After the election of Donald Trump, commentators have argued that German Chancellor Angela Merkel may become the leader of the free world, a role typically played by the president of the United States.
After 11 years as chancellor and as the leader of the largest economy in Europe, Merkel is certainly one of the most experienced heads of state in office. On November 20, after a long wait, Merkel finally announced that she would seek a fourth term in the federal elections next fall.
In the upcoming campaign, Merkel is in a difficult position. She must both live up to her reputation as a defender of liberal democracy, and also contain the right-wing populist streaks in the Alternative for Germany party in order to win reelection.
As an American scholar of German studies, I have blogged about how Merkel’s public appearances function as political theatre. The chancellor changes her message depending on her audience. At home, she is much more likely to appear conservative.
But in anticipation of Trump taking office in 2017, Merkel is publicly setting clear boundaries. Trump not only criticised her open-doors refugee policy, but also may represent a threat to close international collaboration between Germany and the United States.
In between Trump and the German far right
Merkel is most likely to present herself as a defender of liberal values when appearing on the international stage. On November 9, Merkel congratulated Trump on his new office at a press conference. In contrast to Russian President Vladimir Putin’s celebratory statements or Mexican President Enrique Peña Nieto’s cautious well wishes, Merkel issued a warning: If Trump cannot respect “democracy, freedom, respect for the law and for human dignity independent of background, skin color, religion, gender, sexual orientation or political beliefs,” Merkel implied that Germany will need to reevaluate the terms of its partnership with the US.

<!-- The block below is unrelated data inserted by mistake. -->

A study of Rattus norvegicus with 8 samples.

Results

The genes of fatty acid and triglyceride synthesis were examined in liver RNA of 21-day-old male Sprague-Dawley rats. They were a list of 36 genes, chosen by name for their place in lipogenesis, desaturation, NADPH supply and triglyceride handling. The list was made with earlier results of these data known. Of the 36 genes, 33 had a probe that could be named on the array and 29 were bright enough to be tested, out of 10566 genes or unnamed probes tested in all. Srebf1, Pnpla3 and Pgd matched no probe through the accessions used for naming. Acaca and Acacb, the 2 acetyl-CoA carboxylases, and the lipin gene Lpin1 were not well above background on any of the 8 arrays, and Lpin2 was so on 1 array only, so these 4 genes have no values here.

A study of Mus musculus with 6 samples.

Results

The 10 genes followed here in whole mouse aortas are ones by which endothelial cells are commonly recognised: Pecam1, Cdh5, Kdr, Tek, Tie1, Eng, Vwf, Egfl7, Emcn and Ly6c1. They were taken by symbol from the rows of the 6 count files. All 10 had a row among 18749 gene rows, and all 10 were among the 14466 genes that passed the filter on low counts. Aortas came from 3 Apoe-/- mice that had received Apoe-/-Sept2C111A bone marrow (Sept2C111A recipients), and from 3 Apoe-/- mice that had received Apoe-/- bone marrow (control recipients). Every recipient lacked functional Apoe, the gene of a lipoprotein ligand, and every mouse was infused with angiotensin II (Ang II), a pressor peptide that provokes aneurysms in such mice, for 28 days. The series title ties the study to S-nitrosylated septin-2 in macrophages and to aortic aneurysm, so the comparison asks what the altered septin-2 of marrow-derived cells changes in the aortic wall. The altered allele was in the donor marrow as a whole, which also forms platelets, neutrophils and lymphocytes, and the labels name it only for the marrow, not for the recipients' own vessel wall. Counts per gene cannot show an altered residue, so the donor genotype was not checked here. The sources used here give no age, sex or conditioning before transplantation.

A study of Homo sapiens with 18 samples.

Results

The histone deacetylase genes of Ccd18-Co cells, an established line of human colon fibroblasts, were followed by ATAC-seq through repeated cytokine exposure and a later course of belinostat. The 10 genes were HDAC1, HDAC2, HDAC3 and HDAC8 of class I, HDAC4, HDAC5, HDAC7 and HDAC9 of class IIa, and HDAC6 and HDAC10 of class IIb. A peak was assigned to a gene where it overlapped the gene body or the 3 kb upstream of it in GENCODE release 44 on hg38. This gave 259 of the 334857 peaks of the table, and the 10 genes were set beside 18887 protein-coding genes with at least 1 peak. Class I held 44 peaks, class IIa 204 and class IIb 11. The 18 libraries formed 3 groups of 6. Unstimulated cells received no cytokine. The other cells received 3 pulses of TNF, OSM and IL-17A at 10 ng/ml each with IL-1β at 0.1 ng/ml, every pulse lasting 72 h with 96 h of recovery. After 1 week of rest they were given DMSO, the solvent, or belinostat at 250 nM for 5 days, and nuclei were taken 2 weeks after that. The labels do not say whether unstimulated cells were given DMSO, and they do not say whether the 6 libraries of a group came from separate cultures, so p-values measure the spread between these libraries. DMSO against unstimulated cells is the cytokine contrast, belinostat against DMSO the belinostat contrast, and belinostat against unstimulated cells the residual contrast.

This warning to Trump has been praised by some in the American press for its defence of liberal, democratic values.
Many Germans see Trump’s racist and xenophobic comments as statements that would be illegal under current German law. His rhetoric echos not only the racism and anti-Semitism of the Holocaust, but also shares similarities with the authoritarian doublespeak of East German communist politics.
However, in domestic appearances, Merkel is at times illiberal, choosing to accent her conservativism to pander to the xenophobic right wing. On Nov. 6, Merkel gave an acceptance speech after receiving the nomination of her party. The speech garnered widespread attention in the U.S., mostly for the moment when Merkel stated support for banning burkhas – a move designed to attract voters on the right.
Merkel’s campaign begins
As the German public was anxiously awaiting Merkel’s decision to run for office, German journalists Matthias Geis, Tina Hildebrandt and Bernd Ulrich published a full-page article in the German newspaper Die Zeit about Merkel titled “Leader of the free world? Not that, too!”
In this article, they explain the difficulties facing Merkel’s reelection campaign. Merkel, they say, has never faced more pressure to lead. Europe isn’t pulling its weight. She doesn’t have unified support from her party. Finally, she doesn’t have the same polling numbers she used to. Despite these obstacles, they write:
“Merkel can sense that the arguments she could bring against her candidacy get weaker and weaker as the global situation becomes more and more dramatic.”
Merkel couches her decision to seek reelection in similar terms. When she announced her candidacy, Merkel said she needed to run because – after the U.S. election and in relationship to Russia – the world needed to be “sorted out”. Merkel repeated this phrase in her nomination speech:
“We are dealing with a world – especially after the American election – which first needs to be sorted out, especially with respect to things like NATO and the relationship to Russia. This poses the question: What is actually to be done?”
By standing for reelection, Merkel answered her own question. Merkel sees herself as the person to “sort out” the new world order. In this narrative, the first thing to do is support her campaign. The second thing, visible in her comments about refugees and burqa bans, is to pander to voters who might abandon her party to vote for the right-wing Alternative for Germany party.
The Alternative for Germany party, which criticizes Merkel’s every move, later joked on social media that the CDU (Merkel’s party) had stolen their campaign platform.
The Alternative for Germany party was founded in 2013 and is a xenophobic, nationalist, right-wing party critical of the European Union. The AfD has been successful in gaining representation in local German elections. They will likely enter the national German parliament in the fall of 2017.
Johanna Schuster-Craig is Assistant Professor of German and Global Studies at Michigan State University.